What would a true renaissance in Cleveland look like? A pathway of opportunity for people left behind that reclaims thousands of vacant lots around the city?
The current mood is a neighborhood-based approach like that being explored by Cleveland Neighborhood Progress—with its Resilient Cleveland program and climate ambassadors building up social and physical capital in four neighborhoods. The city with its Cleveland Tree Plan, the Sewer District’s green infrastructure program, Thriving Community's tree stewards all hold promise for growing parks, farms, green spaces and urban forests.
The re-greening of Cleveland could take ecomimicry as its guide. Like biomimicry, ecomimicry looks to nature for inspiration. In this case, for creating the conditions where beneficial invertebrates (bees, beetles, butterflies) and their predators like birds live and thrive.
"One reason we should care about biodiversity is that it might be the solution to our environmental impact," writes the leading ecomimicry group, The Nature of the City. "After 3.8 billion years on planet Earth, nature certainly has some sustainability and resilience lessons to teach us."
The field of urban ecology has emerged to make this scenario possible. Land does not need to be pristine to become functional to this degree.
Imperfect as a vacant lot may be, the perfectly manicured lawn is another imperfect choice. We need to move “beyond binary” choices in the provision of functional green space. We may need to define new goals such as a symbiosis of diverse species (Kurokawa). And that’s why the tenets of ecomimicry have to be well articulated, whether its for a suburban yard or a vacant lot in the city.
The Nature of the City (TNOC), an international group of natural scientists researching ecological restoration on vacant urban land, explains the frisson between ecomimicry and "blandscaping” which they define as “landscaping that uses the same designs, and often the same species, has become a ‘best practice’ model that has been shared and used across different urban regions nationally and globally.”
Ecomimicry is where natural, accidental, and even remnant elements of a landscape are integrated. Biologists study soil and how “specialist” and “generalist” species vary. One of urban ecology’s leading thinkers, Nan Ellin, Dean of the College of Architecture and Planning at University of Colorado, describes the theory in her book, Integral Urbanism, that blending or convergence of human made and natural.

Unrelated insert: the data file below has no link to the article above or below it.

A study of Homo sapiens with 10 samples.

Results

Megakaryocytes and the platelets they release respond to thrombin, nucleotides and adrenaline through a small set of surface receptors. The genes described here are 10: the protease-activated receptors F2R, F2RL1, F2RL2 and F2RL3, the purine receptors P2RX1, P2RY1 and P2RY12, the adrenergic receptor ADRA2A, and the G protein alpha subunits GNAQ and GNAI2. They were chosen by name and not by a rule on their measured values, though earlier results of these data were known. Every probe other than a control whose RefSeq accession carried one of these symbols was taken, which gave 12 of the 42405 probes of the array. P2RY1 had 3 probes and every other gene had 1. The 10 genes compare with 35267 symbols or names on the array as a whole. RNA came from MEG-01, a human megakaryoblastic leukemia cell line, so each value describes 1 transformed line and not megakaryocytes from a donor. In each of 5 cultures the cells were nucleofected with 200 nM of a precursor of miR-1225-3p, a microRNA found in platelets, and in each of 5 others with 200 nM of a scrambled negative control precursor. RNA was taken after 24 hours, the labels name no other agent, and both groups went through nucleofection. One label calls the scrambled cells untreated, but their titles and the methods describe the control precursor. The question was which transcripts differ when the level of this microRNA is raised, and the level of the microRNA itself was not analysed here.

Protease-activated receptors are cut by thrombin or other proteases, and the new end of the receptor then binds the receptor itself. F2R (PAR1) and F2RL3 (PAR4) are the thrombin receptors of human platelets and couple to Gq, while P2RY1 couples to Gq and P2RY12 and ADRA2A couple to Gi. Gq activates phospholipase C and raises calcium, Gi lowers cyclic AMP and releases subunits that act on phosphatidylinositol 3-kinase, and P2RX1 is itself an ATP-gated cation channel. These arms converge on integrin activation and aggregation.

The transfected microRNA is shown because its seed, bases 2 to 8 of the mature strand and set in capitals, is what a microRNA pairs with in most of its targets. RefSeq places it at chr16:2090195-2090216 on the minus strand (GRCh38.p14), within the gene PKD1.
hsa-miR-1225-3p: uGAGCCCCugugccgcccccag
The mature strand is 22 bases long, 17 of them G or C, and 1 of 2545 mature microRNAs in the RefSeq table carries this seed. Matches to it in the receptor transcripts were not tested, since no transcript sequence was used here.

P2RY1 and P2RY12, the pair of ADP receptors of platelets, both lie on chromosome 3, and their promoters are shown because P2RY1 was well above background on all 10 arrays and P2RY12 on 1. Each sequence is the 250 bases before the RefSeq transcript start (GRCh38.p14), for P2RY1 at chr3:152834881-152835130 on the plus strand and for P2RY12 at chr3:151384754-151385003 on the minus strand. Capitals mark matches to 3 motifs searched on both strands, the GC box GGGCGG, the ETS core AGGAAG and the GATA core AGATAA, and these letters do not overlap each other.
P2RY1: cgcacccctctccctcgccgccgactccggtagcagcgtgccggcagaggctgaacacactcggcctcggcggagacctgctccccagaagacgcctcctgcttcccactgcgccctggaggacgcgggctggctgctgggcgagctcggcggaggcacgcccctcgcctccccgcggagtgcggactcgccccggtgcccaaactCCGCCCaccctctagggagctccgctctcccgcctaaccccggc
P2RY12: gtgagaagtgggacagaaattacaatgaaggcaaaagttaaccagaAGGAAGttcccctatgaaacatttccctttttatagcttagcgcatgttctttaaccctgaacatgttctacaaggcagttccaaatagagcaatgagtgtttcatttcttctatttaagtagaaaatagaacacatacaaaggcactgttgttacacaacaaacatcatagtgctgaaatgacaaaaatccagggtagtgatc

“Whereas the Modern sought liberation through scientifically and creatively controlling nature and the irrational, integral urbanism cultivates liberation from oppression, inequality, ignorance, pain and discomfort by understanding our place in nature, including the irrational, by drawing on science, technology, creativity and deep empathy,” she writes.
In London, for example, a railway corridor and derelict industrial site were going to be blandscaped. A plan emerged to save an endangered, native, striped beetle. A sand barren form, remnants from the rail yard (steel) and an exotic wildflower species were in the beetle’s preferred habitat. Thus the “beetle bump” was born; it supports many “specialist” invertebrates, including the beetle.
A study in the United Kingdom of biodiversity in similar projects in urban London found biodiversity comparable to an undisturbed forest. The remarkable urban ecology “mosaic” that can form with an intentional strategy stands in stark contrast to the blandscaping that typical grass and shrubs, often employed in urban greening projects, produces in terms of improving a city’s biodiversity. It found that,
“Naturally seeded urban areas or industrial sites such as demolition sites, disused railway lands or unexploited industrial land. These areas can be particularly rich in species, often reflecting the complex mixture of features. In the early stages of colonisation, ephemeral species are favoured and include many uncommon species including some bees and wasps for which urban areas are now their stronghold and early successional carabid beetles. Laterstages of succession – short perennial, tall ruderal and then through to woodland – equally contain many uncommon invertebrates with flies, bees, wasps, including some parasitic species and sawflies. The lichens of disused land include several rare species. Both plant and animal communities contain recently established species, some of which are virtually confined to urban areas but a few of which have also established in rural situations.”
As Cleveland searches for answers on how sustainability informs neighborhood revitalization, a goal to promote biodiversity on vacant land and in green infrastructure projects, an open conversation about where residents are comforted or concerned about nature in the city is the starting point. Cleveland has opened the door to many conversations and projects that have restoration of nature at its center.